Funding Opportunities for Scientific Research Projects
You can sponsor one of the investigations of the impact of stratospheric waves on global weather patterns, atmospheric chemistry, and flight safety. Flying at the edge of space, the Airbus Perlan Mission II flight campaigns will collect, analyze, and share open-source data with scientists around the world.
Radiosonde (Weather Balloon) Instruments and Launches:
Produce accurate operational forecasts for Perlan II flights in the remote region of southern Patagonia, Argentina, where direct observations of atmospheric phenomena are sparse.
Atmospheric Research Sky-Cameras in three critical locations, Patagonia, Argentina:
Cameras focused on the sky during stratospheric wave events will provide invaluable weather observations to inform accurate operational forecasts and help to validate wave models in the remote region of southern Patagonia, Argentina where direct observations of these atmospheric phenomena are sparse.
Sudden Stratospheric Warming Data Analysis
A rare Sudden Stratospheric Warming (SSW) event occurred and was documented during the 2019 Airbus Perlan Mission II flight campaign. The sudden warming in the stratosphere was a precursor to an early and severe fire season in Australia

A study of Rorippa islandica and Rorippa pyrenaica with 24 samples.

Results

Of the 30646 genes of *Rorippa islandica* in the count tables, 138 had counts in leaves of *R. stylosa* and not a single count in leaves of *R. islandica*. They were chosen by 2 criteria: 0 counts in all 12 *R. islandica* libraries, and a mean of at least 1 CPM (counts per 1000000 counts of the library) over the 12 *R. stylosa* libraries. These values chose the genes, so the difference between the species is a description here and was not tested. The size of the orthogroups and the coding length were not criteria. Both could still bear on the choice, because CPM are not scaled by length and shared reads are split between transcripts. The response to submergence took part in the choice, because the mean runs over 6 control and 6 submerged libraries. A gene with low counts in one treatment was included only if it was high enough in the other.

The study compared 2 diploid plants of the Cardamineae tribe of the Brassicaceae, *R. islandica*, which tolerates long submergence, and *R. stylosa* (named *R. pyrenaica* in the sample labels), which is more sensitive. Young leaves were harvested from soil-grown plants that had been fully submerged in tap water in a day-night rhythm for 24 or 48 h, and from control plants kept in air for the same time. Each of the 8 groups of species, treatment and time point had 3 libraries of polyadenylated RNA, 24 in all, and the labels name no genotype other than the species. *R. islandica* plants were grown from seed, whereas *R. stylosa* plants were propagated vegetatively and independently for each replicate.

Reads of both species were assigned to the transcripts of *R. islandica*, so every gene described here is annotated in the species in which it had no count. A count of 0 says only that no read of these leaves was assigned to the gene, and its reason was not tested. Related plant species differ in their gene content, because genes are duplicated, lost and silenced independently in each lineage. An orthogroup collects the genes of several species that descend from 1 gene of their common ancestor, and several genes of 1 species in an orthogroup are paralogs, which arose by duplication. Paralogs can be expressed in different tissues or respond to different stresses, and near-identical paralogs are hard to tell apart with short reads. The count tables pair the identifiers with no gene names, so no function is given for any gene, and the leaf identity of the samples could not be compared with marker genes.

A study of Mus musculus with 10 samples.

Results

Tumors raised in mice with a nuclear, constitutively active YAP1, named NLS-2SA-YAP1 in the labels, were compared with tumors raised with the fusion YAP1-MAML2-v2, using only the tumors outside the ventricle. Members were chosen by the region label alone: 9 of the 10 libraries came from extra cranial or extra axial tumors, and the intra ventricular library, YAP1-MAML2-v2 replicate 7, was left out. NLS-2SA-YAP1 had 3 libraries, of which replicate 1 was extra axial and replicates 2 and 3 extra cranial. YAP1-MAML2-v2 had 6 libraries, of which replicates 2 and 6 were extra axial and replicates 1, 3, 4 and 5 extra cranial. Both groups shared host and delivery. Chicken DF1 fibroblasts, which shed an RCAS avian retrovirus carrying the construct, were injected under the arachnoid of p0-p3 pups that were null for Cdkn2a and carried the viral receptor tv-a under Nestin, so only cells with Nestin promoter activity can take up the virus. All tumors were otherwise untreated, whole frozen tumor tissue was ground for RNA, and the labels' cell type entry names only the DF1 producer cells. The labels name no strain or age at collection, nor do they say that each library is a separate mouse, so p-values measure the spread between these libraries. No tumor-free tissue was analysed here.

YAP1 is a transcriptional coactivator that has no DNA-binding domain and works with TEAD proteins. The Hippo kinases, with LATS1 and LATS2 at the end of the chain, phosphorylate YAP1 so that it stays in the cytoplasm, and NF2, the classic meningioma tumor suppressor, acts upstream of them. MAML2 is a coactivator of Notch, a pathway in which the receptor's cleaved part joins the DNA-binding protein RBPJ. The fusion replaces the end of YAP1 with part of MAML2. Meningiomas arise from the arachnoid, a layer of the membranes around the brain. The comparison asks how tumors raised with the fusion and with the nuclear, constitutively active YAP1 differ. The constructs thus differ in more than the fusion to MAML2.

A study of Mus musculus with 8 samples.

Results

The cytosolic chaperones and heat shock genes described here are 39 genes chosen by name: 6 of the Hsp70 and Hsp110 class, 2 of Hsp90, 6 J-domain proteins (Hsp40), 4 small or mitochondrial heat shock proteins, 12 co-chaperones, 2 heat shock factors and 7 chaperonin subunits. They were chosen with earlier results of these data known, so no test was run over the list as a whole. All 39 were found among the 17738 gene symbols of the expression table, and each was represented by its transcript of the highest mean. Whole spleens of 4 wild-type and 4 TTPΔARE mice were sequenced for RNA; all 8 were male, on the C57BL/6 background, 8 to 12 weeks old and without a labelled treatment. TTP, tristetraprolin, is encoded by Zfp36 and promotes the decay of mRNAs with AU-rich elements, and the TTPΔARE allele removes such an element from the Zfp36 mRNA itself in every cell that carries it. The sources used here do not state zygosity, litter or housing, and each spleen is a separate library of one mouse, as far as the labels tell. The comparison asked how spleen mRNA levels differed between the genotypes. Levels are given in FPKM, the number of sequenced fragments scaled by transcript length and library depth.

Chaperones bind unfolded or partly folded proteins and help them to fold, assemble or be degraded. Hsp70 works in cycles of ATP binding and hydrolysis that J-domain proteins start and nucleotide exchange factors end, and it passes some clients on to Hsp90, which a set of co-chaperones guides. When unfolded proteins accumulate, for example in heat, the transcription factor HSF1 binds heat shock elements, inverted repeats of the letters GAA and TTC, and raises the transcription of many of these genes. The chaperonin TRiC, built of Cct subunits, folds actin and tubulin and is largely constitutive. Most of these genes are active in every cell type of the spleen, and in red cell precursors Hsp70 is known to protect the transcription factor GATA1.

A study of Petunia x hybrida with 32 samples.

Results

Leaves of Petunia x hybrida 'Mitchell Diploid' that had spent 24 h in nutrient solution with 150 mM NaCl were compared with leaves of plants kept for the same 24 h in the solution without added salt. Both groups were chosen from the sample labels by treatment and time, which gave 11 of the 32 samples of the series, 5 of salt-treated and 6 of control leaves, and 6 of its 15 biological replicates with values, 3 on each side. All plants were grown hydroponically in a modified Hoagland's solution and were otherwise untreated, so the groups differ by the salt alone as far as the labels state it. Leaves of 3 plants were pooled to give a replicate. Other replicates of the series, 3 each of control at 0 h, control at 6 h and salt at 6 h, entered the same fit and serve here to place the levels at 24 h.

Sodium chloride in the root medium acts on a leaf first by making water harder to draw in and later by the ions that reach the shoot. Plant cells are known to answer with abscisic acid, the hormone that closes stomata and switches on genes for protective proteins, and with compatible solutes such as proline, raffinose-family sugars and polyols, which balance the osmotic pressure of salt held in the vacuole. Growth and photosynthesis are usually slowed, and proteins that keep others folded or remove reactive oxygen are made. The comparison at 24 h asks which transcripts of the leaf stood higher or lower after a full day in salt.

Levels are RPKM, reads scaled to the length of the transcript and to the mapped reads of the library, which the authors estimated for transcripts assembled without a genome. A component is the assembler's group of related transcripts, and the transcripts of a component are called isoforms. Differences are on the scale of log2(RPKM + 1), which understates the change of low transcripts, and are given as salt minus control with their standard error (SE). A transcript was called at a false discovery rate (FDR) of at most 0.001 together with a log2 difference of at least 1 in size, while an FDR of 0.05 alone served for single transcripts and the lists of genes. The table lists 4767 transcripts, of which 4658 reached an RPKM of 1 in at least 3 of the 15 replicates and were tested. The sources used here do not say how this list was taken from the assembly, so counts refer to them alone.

Radio Occultation Experiment - Installation and Data Management:
Measure atmospheric humidity up to 100km away from the Perlan II glider using GPS satellite navigation signals. Water in the upper atmosphere where Perlan flies is the number one greenhouse gas and has a significant impact on global weather. Radio occultation has been found to be one of the most efficient measurement techniques to reduce weather forecast errors.
Installation of a donated internet communications system on the Perlan 2 and Egrett
Integrated satellite internet connectivity in the Perlan research glider and the Egret tow plane will link our scientific instruments and broadcast live video worldwide to scientists and followers of Perlan’s flights.
LiDAR and other instruments for stratospheric measurements
Putting a LiDAR unit into the stratosphere will allow very high-altitude measurements of the ozone layer, Polar Stratospheric Clouds, and stratospheric mountain wave strength. aerosols in the atmosphere from a distance. This data can help to verify global weather forecasting models.
Development of System of Remote Control “Soaring Sondes”
Perlan partner Stratodynamics has dropped RC gliders from over 100,000 feet carrying instruments over Spaceport America in New Mexico. We would like to extend their work to conduct an in-depth analysis of the downwind wavefield generated by the southern Polar Vortex.